Central African Republic: Ceasefire in north-east but LRA threat grows
|Publisher||Norwegian Refugee Council/Internal Displacement Monitoring Centre (NRC/IDMC)|
|Publication Date||16 June 2011|
|Cite as||Norwegian Refugee Council/Internal Displacement Monitoring Centre (NRC/IDMC), Central African Republic: Ceasefire in north-east but LRA threat grows, 16 June 2011, available at: http://www.refworld.org/docid/4dfef3542.html [accessed 5 July 2015]|
|Disclaimer||This is not a UNHCR publication. UNHCR is not responsible for, nor does it necessarily endorse, its content. Any views expressed are solely those of the author or publisher and do not necessarily reflect those of UNHCR, the United Nations or its Member States.|
The CAR government and the Convention of Patriots for Justice and Peace (CPJP), the only rebel group still active in the north-east of the country, signed a ceasefire agreement on 12 June. The CPJP has agreed to confine their soldiers to barracks while talks on a final peace deal take place. However, observers have warned that long-lasting peace is far from won as the army does not control even a third of the country and the presence of the Lord's Resistance Army (LRA) in the south-east continues to threaten security. As of May 2011, the total number of people internally displaced by LRA activity in CAR was estimated at 18,700.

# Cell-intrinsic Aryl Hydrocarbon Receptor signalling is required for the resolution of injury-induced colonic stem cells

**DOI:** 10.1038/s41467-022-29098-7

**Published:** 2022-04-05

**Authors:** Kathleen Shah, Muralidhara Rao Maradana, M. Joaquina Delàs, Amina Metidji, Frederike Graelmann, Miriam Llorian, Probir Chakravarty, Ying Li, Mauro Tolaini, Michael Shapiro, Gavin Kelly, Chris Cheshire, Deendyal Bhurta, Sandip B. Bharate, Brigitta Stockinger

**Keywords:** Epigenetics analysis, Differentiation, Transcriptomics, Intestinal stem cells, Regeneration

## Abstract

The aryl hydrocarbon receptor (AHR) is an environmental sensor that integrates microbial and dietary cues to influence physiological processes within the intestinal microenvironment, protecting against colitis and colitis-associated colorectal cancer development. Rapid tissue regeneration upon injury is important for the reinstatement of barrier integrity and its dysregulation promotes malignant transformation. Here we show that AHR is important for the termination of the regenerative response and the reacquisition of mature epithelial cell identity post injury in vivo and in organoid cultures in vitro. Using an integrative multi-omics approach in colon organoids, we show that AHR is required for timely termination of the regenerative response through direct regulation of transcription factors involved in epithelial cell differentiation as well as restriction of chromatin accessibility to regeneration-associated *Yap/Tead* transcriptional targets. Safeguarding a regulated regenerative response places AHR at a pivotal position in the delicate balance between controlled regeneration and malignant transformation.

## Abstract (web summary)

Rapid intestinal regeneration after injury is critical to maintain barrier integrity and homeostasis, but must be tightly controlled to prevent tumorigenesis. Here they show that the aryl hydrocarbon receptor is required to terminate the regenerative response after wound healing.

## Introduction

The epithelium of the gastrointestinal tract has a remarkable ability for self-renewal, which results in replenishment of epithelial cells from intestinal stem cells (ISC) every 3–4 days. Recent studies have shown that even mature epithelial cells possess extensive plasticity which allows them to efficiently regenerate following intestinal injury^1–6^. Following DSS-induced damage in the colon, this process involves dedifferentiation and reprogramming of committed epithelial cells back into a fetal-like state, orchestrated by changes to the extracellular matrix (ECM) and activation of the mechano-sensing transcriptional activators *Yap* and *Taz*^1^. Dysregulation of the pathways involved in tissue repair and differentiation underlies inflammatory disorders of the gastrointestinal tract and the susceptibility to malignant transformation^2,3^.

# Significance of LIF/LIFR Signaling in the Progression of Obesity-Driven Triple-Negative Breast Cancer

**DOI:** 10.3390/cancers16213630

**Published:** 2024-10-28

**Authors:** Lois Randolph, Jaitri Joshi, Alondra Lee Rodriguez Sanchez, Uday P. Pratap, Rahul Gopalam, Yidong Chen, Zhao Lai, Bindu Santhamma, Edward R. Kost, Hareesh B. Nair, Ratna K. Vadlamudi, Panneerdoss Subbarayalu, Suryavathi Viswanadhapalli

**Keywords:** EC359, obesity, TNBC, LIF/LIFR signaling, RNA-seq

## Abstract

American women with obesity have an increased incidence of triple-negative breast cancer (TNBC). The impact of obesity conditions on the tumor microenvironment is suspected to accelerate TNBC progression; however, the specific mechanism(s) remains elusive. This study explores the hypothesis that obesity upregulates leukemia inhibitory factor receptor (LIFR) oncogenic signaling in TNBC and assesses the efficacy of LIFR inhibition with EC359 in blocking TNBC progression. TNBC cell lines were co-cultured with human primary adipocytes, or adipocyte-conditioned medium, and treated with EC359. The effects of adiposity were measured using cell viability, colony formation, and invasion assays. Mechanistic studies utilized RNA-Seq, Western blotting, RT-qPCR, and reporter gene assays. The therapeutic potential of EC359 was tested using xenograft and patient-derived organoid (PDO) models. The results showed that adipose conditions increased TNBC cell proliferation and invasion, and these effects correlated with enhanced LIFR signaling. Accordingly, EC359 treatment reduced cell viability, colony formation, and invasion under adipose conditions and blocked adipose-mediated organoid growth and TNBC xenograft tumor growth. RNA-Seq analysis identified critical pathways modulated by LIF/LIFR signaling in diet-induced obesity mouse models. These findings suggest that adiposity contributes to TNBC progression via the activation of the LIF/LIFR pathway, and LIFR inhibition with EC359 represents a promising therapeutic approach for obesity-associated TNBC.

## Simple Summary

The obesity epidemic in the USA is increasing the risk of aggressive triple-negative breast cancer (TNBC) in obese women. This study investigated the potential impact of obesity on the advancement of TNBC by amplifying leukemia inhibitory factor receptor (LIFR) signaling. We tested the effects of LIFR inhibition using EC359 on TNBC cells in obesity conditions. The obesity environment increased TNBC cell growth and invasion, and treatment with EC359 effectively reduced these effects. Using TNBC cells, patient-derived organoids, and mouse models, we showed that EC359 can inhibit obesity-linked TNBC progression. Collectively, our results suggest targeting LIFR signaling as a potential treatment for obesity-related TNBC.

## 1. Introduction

In April, ECHO and OCHA organised a two-day meeting to discuss the humanitarian consequences of LRA attacks and the situation in affected areas. On 13 June, defence ministers of CAR, the Democratic Republic of the Congo (DRC), Southern Sudan and Uganda agreed to deploy a joint military force to be managed by the African Union (AU) to end the atrocities being committed by the LRA. The four countries will contribute troops.
Continued attacks by LRA in the Central African Republic (CAR) have forced civilians to live in despair, according to the President of CAR's Episcopal Commission for Justice and Peace. Among the latest victims were a doctor in charge of health care in the LRA-affected part of the country and his driver, who were killed on 6 June as they distributed polio vaccines. On 10 June, medical workers marched in the capital, Bangui, demanding that the government guarantee the protection of doctors.